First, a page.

Neighborhood Watch

Overview


The Cottonwood Police Department embraces the Neighborhood Watch program philosophies of keeping citizens involved in keeping their own communities safe by being active and aware. Neighborhood Watch programs can be found all over the county, from rural neighborhoods to new developments.


History


Neighborhood Watch is one of the oldest and most effective crime prevention programs in the country, bringing citizens together with law enforcement to deter crime and make communities safer.

Neighborhood Watch can trace its roots back to the days of colonial settlements, when night watchmen patrolled the streets. The modern version of Neighborhood Watch was developed in response to requests from sheriffs and police chiefs who were looking for a crime prevention program that would involve citizens and address an increasing number of burglaries.

Launched in 1972, Neighborhood Watch counts on citizens to organize themselves and work with law enforcement to keep a trained eye and ear on their communities, while demonstrating their presence at all times of day and night. (The program took off quickly: in just ten years, NSA data showed that 12 percent of the population was involved in a Neighborhood Watch.) Neighborhood Watch works because it reduces opportunities for crime to occur; it doesn't rely on altering or changing the criminal's behavior or motivation.

Phase One Getting Started


  • Form a small planning committee of neighbors to discuss needs, the level of interest, possible challenges, and the watch concept.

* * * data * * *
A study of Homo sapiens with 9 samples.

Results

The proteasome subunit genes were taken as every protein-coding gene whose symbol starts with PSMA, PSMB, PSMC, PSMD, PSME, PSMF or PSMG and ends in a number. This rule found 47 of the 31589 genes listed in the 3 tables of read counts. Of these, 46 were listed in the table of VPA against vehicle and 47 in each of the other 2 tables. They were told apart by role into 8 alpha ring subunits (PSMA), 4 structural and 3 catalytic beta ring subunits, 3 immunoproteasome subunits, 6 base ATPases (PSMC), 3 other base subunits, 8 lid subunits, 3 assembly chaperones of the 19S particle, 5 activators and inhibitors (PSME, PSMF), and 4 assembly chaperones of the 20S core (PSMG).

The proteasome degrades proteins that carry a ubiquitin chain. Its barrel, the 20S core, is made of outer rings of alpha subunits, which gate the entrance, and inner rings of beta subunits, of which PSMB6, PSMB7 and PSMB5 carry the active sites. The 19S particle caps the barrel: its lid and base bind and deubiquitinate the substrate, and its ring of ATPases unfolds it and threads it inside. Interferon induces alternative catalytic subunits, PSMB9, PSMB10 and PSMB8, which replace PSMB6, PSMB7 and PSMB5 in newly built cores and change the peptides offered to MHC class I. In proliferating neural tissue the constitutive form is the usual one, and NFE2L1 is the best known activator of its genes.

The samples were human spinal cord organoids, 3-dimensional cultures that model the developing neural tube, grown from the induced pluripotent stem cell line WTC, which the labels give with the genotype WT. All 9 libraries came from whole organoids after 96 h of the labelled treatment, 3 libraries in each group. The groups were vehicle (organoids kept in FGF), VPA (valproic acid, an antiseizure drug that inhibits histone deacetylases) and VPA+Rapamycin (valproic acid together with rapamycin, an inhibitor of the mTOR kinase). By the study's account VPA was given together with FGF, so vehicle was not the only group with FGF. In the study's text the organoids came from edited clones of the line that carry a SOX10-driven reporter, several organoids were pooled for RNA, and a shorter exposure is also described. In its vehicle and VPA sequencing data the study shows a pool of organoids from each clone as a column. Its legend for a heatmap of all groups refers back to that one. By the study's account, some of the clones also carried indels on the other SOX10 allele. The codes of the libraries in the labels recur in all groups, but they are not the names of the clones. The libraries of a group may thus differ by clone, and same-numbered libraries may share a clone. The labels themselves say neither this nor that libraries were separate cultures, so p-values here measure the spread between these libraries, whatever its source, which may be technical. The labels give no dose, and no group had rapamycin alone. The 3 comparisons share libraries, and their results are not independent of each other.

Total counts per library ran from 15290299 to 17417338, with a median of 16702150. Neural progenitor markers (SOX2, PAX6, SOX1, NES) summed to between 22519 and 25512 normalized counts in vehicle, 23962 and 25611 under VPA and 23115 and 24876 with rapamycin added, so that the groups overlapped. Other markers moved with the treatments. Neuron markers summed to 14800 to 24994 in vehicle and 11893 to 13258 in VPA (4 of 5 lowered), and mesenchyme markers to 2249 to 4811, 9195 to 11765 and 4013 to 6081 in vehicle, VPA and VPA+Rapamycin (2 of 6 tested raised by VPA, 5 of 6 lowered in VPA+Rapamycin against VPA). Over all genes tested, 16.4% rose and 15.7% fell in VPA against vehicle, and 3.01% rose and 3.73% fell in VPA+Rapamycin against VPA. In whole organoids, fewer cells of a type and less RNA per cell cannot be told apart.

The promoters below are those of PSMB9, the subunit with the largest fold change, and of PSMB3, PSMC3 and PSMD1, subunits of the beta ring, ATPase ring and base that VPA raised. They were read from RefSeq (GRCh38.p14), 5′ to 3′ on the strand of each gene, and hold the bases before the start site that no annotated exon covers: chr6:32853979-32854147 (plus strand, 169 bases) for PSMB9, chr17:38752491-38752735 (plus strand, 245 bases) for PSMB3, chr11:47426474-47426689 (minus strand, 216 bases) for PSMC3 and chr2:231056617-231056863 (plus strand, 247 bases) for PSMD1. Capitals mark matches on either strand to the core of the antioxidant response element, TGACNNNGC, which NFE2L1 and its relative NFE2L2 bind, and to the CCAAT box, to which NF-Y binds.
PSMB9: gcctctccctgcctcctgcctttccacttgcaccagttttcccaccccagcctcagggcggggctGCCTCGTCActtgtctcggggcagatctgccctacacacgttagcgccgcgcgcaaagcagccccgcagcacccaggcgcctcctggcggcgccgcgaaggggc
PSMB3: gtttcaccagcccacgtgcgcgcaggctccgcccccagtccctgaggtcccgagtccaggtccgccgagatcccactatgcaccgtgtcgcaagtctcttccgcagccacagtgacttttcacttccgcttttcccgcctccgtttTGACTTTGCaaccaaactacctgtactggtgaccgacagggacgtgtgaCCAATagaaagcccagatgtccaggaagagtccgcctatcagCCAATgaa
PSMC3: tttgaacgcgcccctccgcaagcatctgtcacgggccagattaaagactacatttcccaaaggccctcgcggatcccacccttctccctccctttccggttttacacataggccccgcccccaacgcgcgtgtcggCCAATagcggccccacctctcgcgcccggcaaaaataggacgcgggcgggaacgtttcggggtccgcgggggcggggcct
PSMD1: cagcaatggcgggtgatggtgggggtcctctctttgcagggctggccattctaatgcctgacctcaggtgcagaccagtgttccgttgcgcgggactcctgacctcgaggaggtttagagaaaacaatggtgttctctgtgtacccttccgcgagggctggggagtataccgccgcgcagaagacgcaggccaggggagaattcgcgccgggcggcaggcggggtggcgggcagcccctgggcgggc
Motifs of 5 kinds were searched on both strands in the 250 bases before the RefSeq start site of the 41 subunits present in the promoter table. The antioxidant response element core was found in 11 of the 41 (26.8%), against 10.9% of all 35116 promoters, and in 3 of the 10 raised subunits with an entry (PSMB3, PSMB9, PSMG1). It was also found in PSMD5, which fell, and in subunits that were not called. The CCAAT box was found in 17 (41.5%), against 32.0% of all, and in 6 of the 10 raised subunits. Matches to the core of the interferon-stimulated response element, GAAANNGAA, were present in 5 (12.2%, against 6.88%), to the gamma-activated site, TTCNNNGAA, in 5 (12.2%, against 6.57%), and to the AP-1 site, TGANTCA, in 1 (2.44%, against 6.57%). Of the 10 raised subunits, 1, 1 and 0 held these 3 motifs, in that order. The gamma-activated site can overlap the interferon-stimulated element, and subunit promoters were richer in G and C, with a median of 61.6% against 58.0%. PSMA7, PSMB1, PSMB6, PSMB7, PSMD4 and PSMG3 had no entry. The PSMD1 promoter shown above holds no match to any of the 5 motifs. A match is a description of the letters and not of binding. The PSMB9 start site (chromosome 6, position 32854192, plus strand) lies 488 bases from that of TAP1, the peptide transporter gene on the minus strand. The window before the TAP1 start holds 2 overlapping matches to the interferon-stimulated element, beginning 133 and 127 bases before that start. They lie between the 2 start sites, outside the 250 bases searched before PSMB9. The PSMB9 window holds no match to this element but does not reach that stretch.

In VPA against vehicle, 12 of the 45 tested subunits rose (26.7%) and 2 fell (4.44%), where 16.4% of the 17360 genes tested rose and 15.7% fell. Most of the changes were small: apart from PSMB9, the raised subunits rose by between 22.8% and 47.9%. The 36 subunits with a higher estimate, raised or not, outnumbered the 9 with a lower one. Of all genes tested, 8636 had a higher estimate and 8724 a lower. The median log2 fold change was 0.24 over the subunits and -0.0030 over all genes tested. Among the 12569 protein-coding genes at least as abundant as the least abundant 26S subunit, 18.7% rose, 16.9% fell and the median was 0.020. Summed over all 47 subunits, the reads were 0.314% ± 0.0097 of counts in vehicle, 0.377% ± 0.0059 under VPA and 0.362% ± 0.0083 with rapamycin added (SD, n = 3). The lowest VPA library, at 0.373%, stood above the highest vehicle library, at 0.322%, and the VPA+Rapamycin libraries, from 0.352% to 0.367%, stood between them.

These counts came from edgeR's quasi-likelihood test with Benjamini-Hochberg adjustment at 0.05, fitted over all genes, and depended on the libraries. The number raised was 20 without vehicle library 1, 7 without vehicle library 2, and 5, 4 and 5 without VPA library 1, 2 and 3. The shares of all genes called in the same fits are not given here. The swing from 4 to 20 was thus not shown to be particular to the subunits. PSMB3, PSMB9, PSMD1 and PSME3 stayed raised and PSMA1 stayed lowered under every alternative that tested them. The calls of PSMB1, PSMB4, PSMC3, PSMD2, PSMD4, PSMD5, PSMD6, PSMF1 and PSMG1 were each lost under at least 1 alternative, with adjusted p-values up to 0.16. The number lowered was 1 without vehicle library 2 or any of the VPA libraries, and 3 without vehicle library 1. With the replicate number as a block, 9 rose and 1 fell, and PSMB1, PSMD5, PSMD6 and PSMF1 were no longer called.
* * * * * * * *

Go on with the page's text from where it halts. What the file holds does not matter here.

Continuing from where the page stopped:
• Contact the Patrol Commander 928-634-4246 to discuss Neighborhood Watch and local crime problems. Invite an officer to attend your meeting.
  • Publicize your meeting at least one week in advance with door-to-door fliers and follow up with phone calls the day before.
  • Hold an initial meeting to gauge neighbors' interest; establish purpose of program, and begin to identify issues that need to be addressed. Stress that watch group association of neighbors who look out for each others families and property, alert the police to any suspicious activities or crime in progress, and work together to make their community a safer place to live.

Phase Two Adopt the Watch Idea


  • Elect a chairperson
  • Ask for block captain volunteers who are responsible for relaying info to members on their block, keeping up to date information on residents, and making special efforts to involve the elderly, working parents, and youth. Block captains also can serve as liaisons between the neighborhood and the police and communicate info about meetings and crime incidents to all residents.
  • Establish regular means of communicating with watch members, e.g. newsletter, email, phone tree, fax, etc.
  • Prepare a neighborhood map showing names, addresses, and phone numbers of participating households and distribute to members. Block captains keep this map up to date, contacting newcomers to the neighborhood and rechecking occasionally with ongoing participants. With guidance from the police department the watch should train members in home security techniques, observation skills, and crime reporting. Residents also learn about the types of crime that affect the area.
Note: Organizers and block captains must emphasize that watch groups are not vigilantes and do not assume the role of the police. They only ask neighbors to be alert, observant, and caring-and to report suspicious activity or crimes immediately to the police.


Tips for Success


  • Hold regular meetings to help residents get to know each other and to collectively decide upon program strategies and activities.
  • Involve everyone - young and old, single and married, owner and renter.
  • Get the information out quickly; share all kinds of news - squash rumors.
  • Gather facts about crime in your neighborhood and learn residents' perceptions about crime. Often residents' opinions are not supported by facts, and accurate information can reduce the fear of crime.
  • Sponsor clean-ups; encourage residents to beautify the area, and ask them to turn on outdoor lights at night.
  • Celebrate successes and contributions of your volunteers through events such as awards, annual dinner, and parties.

For more information please visit the Neighborhood Watch Website.